CHAPTER III MARY, VIRGIN MOTHER OF GOD
THE privilege of Immaculate Conception was bestowed upon our Lady as a free gift from God. In no sense was it merited—she received it for the sake of men that she might fitly co-operate in the work of Redemption ; above all she received it for the sake of her Son. It was the first of her endowments designed to equip her soul for the supreme office— the most sublime that can be conferred on a creature —the Motherhood of God.
It is the Catholic Doctrine—the Doctrine of the Creeds and of the Ancient Councils of the Church, handing down to us the Divine Tradition, that God took to Himself a human Body, formed by the operation of the Holy Spirit, from the body of Mary, and thus became her Child. This is taught expressly in the Holy Scriptures. "A Body hast Thou fitted for Me." "The Word was made Flesh." Jesus Christ is the Word made Flesh, for whom a Body was fitted. Mary is the Mother of Jesus. The Holy Ghost was to overshadow her, and the Holy One, to be formed of her, should be called the Son of God. 1
This is the very heart of historic Christianity— that is, of Christianity as it has come down to us from its origins. If any man fail to accept the statement of the Creed: " I believe in God the Father Almighty Creator of Heaven and earth," he has no right to be called a Theist; unless he accept also the further profession of faith: "And in Jesus Christ His only Son our Lord, who was conceived by the Holy Ghost, born of the Virgin Mary," it is difficult to see how,—if words are to preserve the meaning they have borne for well-nigh two thousand years—he can have any claim to the Christian Name. Faith in Christianity begins with faith in the truth that Jesus Christ, the Virgin's Son, is the Lord our God. In His Human Nature He is as truly and really of one Substance with His human Mother, as in the Everlasting Trinity He is con-substantial with His Father in Heaven.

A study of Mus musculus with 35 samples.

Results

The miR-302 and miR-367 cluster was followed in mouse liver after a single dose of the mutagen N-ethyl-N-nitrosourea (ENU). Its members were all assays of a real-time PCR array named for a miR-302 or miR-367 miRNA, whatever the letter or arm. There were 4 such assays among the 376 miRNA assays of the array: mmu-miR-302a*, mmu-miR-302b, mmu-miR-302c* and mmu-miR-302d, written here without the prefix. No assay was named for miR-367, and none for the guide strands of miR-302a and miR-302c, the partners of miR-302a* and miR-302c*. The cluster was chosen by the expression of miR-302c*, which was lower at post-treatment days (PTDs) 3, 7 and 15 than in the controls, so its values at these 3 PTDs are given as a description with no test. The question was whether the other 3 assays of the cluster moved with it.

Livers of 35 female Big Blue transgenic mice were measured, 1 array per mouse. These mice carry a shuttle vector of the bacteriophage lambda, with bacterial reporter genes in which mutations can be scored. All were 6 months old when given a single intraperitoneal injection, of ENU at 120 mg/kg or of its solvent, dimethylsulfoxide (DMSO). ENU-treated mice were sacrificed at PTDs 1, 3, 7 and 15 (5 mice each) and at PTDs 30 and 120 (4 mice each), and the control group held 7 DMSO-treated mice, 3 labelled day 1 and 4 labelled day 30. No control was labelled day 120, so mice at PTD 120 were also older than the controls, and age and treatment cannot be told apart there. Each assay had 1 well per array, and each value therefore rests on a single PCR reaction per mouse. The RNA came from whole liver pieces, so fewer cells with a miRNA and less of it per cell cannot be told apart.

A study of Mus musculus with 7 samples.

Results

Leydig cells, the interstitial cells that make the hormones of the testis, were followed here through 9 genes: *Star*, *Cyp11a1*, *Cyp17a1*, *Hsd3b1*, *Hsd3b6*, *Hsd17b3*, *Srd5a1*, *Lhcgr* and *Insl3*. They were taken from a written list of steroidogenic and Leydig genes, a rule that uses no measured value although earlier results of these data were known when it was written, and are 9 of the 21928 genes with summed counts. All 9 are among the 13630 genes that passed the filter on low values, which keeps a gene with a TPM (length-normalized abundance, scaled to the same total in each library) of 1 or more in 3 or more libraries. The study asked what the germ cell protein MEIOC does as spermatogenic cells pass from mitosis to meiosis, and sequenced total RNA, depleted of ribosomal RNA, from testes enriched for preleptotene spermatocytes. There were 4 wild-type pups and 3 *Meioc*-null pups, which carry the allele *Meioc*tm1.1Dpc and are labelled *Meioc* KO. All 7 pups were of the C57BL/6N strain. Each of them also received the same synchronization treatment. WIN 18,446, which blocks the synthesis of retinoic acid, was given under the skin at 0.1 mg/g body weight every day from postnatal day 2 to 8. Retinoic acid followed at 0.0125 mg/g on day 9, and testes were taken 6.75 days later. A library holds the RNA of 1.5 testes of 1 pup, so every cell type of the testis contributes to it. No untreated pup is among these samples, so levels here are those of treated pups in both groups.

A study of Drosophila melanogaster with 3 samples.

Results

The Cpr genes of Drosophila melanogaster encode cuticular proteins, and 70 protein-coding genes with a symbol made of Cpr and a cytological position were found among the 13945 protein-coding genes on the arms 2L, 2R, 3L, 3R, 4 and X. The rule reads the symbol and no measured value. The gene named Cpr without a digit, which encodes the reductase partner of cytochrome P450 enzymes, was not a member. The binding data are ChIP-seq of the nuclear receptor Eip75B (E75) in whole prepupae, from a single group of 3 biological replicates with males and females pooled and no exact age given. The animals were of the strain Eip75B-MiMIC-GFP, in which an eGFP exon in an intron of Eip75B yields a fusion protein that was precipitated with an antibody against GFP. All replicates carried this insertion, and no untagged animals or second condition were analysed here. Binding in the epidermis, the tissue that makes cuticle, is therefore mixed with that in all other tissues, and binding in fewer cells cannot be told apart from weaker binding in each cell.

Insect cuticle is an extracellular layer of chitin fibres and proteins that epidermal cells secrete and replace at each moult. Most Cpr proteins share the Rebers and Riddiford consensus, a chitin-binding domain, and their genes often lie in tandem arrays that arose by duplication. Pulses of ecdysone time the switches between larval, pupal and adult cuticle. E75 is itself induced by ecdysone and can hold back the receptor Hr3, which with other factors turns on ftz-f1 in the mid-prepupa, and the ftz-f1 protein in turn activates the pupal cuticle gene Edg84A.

"Just as all the Law and the Prophets are contained in two words, so too all our hope hangs upon the Childbearing of Blessed Mary." 2
This, it will be freely admitted, is no light matter. We poor mortals here find ourselves in the presence of the very heart of Mystery. When we behold the unveiled features of the Babe of Bethlehem, we are gazing in very truth upon the veiled Majesty of God.
"What subject," asked Basil of Seleucia, "can, be more sublime than this ? No man can either conceive or speak of that which is the medium between the divine and the human. For, as it is no easy matter either to conceive or speak of God—yea rather it is a thing utterly impossible—so is the great Mystery of the Mother of God above all thought and speech."
1 " Should be called the Son of God " is a well-known Hebraism for "should be in truth the Son of God."
2 Acta Disputationis S, Archelai cum Manete Haercsiarchae, xlix. (P.G. Tom. x., p. 1512). These Acts are a great authority on Manichaeism. It is uncertain who is really represented in the discussion under the name of Archelaus, Bishop of Chalcar in Mesopotamia.